Why ‘Smart’ Feeding Tubes Can Benefit Patients and the Environment



Around 440,000 people in the U.S. use a gastrostomy tube (also called a G-tube), according to 2013 data. It can replace or supplement oral feedings by delivering water, food and drugs to the stomach, where a G-tube is surgically, radiographically or endoscopically placed.

I use one myself. Eating was always a chore for me because I have several disabilities from a childhood brain tumor. Many of my recent hospital visits have been due to pneumonia. But after a lengthy stay in the ICU and months of swallow therapy, I decided to put a G-tube in because it would be safer for my lungs and conserve energy from the laborious task of eating — and it would be healthier than my past diet.

There’s two kinds of G-tubes: One is called a ‘conventional tube’ and is about six inches long. It’s floppy like a noodle, and is coiled and taped to the torso. Therefore, it can unfortunately build up residue and irritate skin. This type is most frequently stocked in hospitals. It’s used while the body forms a feeding channel between the stomach and skin. Elderly people tend to need it the most because they more often require nutritional support.

This conventional model can render physical movement difficult or painful, and some health care providers assume that older people are less active. Still, people with G-tubes (regardless of age) deserve to partake in daily activities like errands and fitness classes.  

The other type — a ‘low-profile Mic-key tube’ — must be ordered by a hospital and is meant for a younger, more active population. A part of the Mic-key called a ‘button’ sticks out an inch from the stomach. The button has a hole in which an extension tube is twisted and locked into place. Then, a syringe is connected at the other end for feeding. 

While most people use a G-tube for a short amount of time while recovering from an injury or experiencing a serious illness, some have it permanently implanted.

Despite their advantages, these devices can endanger patients. Due to allergy and sensitivity problems, digestive or absorption issues, or a rejection of the enteral feeding, about three in 10 individuals experience Enteral Feeding Intolerance (EFI). This can result in pneumonia and other serious complications. And the Mic-key tube needs to be replaced every six months because it may become blocked, dislodged or degraded.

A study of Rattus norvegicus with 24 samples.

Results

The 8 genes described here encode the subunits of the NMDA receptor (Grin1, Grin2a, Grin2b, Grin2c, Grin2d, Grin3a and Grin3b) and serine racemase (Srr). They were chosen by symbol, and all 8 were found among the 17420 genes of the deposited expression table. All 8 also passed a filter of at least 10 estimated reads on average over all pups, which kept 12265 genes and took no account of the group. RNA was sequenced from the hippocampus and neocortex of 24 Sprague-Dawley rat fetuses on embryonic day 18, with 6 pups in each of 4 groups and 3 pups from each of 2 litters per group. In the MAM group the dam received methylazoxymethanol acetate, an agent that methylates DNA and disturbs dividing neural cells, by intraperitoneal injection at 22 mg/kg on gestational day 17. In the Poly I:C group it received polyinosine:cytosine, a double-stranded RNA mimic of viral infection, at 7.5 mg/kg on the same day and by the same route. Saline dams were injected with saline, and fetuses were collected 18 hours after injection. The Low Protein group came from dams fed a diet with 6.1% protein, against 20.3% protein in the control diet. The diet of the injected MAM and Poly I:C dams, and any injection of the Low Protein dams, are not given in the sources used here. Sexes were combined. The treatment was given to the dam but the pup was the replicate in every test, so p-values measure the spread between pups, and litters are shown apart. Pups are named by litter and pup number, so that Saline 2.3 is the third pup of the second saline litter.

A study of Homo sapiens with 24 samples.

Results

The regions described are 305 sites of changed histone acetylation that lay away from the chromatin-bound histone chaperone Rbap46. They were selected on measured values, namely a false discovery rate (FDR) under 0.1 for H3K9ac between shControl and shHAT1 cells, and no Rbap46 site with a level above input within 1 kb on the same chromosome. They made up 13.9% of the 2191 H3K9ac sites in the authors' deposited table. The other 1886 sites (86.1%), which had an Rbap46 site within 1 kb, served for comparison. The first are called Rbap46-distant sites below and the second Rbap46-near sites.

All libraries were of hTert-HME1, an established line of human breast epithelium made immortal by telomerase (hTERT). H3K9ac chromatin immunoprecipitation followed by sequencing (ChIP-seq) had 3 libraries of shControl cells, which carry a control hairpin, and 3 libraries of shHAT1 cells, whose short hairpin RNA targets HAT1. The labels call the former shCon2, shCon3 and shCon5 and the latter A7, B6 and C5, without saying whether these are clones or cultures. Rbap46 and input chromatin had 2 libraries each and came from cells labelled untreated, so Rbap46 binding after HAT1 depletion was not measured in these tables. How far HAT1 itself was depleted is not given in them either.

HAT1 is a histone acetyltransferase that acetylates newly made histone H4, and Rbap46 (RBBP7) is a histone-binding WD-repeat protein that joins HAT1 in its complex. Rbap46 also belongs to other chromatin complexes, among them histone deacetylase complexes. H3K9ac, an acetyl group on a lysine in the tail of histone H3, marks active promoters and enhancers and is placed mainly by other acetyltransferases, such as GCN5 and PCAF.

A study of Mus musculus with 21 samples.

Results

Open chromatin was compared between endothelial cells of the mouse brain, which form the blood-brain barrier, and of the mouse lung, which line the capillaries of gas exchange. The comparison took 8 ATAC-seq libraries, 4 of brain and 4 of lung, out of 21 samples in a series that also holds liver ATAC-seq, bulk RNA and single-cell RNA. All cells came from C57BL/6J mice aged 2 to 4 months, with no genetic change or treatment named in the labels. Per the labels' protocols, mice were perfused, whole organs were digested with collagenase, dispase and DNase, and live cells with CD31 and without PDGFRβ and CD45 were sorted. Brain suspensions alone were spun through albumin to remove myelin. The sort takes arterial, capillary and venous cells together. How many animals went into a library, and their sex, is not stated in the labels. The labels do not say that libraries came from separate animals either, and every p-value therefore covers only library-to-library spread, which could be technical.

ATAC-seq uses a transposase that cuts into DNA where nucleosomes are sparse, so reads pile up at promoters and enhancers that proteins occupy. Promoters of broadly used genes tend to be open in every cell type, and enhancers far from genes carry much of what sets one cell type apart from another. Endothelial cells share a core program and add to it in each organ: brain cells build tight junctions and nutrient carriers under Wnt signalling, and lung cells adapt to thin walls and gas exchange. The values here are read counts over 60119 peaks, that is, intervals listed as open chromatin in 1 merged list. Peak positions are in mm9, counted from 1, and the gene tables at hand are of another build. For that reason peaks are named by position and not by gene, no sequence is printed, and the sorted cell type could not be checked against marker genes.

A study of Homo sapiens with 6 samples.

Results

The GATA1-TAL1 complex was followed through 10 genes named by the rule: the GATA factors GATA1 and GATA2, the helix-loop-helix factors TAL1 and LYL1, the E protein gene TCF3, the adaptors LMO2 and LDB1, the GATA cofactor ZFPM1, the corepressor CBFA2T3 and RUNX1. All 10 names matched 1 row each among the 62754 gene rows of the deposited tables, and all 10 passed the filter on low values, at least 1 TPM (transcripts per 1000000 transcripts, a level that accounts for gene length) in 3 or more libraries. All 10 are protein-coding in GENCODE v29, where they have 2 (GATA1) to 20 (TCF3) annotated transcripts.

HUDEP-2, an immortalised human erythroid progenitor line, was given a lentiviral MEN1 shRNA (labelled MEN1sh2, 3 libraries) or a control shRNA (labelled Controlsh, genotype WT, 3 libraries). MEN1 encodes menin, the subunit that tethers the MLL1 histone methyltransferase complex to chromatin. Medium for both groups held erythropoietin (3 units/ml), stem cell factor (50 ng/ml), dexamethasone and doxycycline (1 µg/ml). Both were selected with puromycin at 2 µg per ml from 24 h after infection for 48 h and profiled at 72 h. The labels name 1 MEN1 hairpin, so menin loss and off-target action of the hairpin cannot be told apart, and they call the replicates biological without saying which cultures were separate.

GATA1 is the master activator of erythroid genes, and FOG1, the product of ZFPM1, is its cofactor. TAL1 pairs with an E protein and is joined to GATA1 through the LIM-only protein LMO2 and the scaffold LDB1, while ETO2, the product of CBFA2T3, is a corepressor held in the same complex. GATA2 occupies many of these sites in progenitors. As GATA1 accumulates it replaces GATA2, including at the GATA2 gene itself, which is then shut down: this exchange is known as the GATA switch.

The G-tube’s supply and safety issues have prompted a new approach. Last July, Belgium-based manufacturer VIPUN and Baxter Inc., one of the country’s biggest medical suppliers, announced a partnership to create a smart feeding tube. What will make a smart G-tube ‘smart’ is its ability to measure stomach motility (or movement) for clinicians.

This specialized G-tube will certainly help prevent nurses and doctors from getting liquids and medications into patients’ lungs. Still, the claim is somewhat misleading because Baxter solely focuses on the amount of liquid in the stomach, not the content. If a patient gets sick from one ingredient, it likely doesn’t matter if their stomach is completely full or half full.

With the increase of smart biotech products like Dexcom, which measures glucose levels, and Fitbit’s oxygen and heart rate monitoring, it’s fair to say the wearables market is ramping up — giants like Cardinal Health are also looking into a smart G-tube design. And while many people see the equipment’s invasive nature as a disadvantage, it may actually render it the next biotechnology breakthrough.

A proper smart G-tube would not have its information distorted by the skin. Hypothetically, the data could be accessed through an encrypted app like Signal, and sent to medical professionals in real time. This technology is already life-saving, but it could be more so if the individual is unconscious or unable to communicate.

Another worrying aspect of the G-tube experience is the environmental waste it creates. From formula cartons to syringes, all of the associated products should be made from biodegradable materials to decrease their toxic impact on our world. We have already witnessed how medical equipment takes its toll on the Earth. Currently, tube extensions are made of polyurethane or silicone and need to be replaced every six months. These materials are then destined for a landfill. If a smart G-tube had an extension like a rubber straw that only required replacement once or twice every several years, we could cut down on waste.

A smart G-tube may sound far-fetched, but plenty of people spend their lives with a pace-maker or Inspire device (which is used to treat sleep apnea) inside their bodies. In 2019, the global feeding tube market was valued at $2.5 billion. That figure may grow to $4.2 billion by 2027. Numbers aside, a robust smart G-tube should be made simply because it will improve hundreds of thousands of people’s quality of life. And if we can land the Perseverance rover 38 million miles away at 1,200 miles per hour, we can make a G-tube that’s flush with the skin.